Psychology teacher announces plans to retire at end of year

Psychology teacher Charlie Blair-Broeker

Psychology teacher Charlie Blair-Broeker

It seems that yet another teacher is reaching a big milestone on psychology’s social clock: retirement. After it spread all over the school, psychology teacher Charlie Blair-Broeker dispelled rumors when he announced that he would be retiring from teaching after 36 years at Cedar Falls High School.

Blair-Broeker went to college at St. Olaf College, majoring in psychology. After that, he attended graduate school at the University of Iowa, and it was as he was walking to class one day that he realized that he wanted to be a high school psychology teacher. He had never considered the career before, but he knew he wanted to do it. “I cut class that morning to go to the registrar’s office and learn how to make [it] happen,” Blair-Broeker said.

Early on in his career, Blair-Broeker was a substitute teacher in Iowa City and Ann Arbor. He also taught for one year in Kearney, Neb. Then he came to Cedar Falls High School, where he has remained for 36 years. He has taught several subjects over the years: Asian, Latin and African-American history, honors social studies, American government, U.S. history, psychology and AP psychology. He finally decided to retire because he “just kind of felt like it was time to move on.”

Senior AP psychology student Anna Hubbard said that she feels sad that future AP psychology students won’t be able to have Blair-Broeker as a teacher, but she’s glad she had the opportunity to learn psychology from him. “Blair-Broeker is one of the best teachers I’ve had at this school. Not only is he a good person, but he really helps to prepare his students for college,” Hubbard said.

Blair-Broeker said that his favorite part of teaching has been the people. “Teaching is all about the people, both students and colleagues,” Blair-Broeker said. The worst part of teaching for him has been grading essays, cafeteria supervision and faculty meetings, and although teaching has its ups and downs, he really appreciates the career he’s had. “In many ways, teaching has been my life. It’s hard to imagine a more satisfying career,” Blair-Broeker said.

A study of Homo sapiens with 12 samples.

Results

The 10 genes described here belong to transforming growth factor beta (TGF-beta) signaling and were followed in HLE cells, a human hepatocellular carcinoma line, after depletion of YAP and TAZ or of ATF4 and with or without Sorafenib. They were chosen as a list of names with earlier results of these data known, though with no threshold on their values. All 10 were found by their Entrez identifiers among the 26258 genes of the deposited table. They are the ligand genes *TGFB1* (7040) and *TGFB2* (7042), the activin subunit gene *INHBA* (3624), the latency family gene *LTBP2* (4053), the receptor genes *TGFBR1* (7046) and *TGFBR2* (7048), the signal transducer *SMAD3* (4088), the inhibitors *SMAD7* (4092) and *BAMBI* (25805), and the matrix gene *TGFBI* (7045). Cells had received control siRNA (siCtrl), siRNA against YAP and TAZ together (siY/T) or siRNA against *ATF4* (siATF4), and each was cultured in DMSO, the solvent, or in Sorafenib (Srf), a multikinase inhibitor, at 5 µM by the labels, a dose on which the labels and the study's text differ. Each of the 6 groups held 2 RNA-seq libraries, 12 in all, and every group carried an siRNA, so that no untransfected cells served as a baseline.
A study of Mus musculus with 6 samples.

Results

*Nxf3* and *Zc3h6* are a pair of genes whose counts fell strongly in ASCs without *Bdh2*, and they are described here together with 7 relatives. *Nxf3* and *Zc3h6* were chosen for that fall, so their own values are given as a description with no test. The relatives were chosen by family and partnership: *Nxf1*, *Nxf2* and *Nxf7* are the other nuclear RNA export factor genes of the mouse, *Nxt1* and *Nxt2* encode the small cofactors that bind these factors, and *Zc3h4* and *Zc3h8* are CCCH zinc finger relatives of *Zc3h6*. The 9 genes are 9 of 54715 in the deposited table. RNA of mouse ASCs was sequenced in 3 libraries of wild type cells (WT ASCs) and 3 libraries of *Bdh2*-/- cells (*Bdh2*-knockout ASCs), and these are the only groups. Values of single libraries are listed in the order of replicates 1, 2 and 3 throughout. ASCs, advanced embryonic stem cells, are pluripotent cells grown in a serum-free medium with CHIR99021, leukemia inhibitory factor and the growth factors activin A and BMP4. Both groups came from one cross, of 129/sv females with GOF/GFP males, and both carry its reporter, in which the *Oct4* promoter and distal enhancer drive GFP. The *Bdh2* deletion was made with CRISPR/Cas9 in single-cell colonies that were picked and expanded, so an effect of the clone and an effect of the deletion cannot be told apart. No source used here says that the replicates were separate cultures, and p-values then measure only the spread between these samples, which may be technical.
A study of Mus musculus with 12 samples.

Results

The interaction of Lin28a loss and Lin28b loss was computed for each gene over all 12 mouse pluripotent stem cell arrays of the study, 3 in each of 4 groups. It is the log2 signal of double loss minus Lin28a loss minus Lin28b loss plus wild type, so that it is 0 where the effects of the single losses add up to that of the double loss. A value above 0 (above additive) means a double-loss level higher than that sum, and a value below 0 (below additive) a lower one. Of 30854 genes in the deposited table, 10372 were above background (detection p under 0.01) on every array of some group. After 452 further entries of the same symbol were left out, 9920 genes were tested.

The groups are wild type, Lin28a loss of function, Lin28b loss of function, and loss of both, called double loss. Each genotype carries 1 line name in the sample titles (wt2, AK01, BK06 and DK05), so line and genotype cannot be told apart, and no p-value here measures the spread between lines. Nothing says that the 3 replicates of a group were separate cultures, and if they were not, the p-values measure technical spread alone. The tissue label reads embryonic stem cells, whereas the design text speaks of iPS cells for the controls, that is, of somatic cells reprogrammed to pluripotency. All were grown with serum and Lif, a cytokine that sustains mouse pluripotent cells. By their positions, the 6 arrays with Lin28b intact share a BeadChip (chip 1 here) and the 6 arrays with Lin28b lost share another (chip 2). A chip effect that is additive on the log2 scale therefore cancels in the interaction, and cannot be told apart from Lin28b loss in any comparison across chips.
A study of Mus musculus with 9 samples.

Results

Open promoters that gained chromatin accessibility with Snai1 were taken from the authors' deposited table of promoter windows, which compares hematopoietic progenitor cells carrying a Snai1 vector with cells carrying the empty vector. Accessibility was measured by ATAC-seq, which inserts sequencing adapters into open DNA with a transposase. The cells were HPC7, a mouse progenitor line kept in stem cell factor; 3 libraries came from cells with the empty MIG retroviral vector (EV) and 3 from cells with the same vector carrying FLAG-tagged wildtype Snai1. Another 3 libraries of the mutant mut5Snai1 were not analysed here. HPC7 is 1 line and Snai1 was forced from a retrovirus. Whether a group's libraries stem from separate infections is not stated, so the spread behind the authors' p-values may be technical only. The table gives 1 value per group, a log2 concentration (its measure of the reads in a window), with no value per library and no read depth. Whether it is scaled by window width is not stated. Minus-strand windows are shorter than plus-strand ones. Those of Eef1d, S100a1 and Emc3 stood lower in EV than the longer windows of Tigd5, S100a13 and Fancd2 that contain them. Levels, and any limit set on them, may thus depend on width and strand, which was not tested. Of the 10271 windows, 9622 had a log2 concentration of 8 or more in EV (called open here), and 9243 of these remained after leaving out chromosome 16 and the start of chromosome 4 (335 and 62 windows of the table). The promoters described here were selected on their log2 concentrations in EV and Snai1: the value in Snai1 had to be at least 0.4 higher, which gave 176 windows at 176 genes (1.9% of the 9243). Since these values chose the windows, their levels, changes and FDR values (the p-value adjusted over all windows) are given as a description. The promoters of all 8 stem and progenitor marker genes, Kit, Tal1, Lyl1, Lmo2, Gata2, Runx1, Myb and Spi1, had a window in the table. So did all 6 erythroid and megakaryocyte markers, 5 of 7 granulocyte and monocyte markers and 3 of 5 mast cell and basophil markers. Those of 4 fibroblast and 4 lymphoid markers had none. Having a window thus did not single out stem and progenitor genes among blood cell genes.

In his retirement, Blair-Broeker isn’t quite sure what he’s going to do. He hopes to do some teaching as an adjunct if anyone will have him, and he thinks he’ll probably continue to write and conduct workshops for psychology teachers. Finally, Blair-Broeker said, “I’d like to travel more, keep the car cleaner and do lots more crossword puzzles.”

Senior AP psychology student Maddie Andreassen said that what she likes most about Blair-Broeker is that he is very welcoming and makes you feel comfortable in class. She also said he adds funny things to whatever subject he is discussing and makes the class informative, while giving students something to look forward to every day. “I have to say that I am really sad to see him go, but I will respect his decision because I respect him a lot and want him to do what’s best for him. He is the best teacher I’ve ever had and possibly ever will,” Andreassen said.

Blair-Broeker is known at the high school for his intelligence and wisdom. With that, he has three words of advice to the students of Cedar Falls High School: “Find passion in your life. There is great satisfaction in accomplishing difficult goals. Work every day to make the world a better place for everyone.”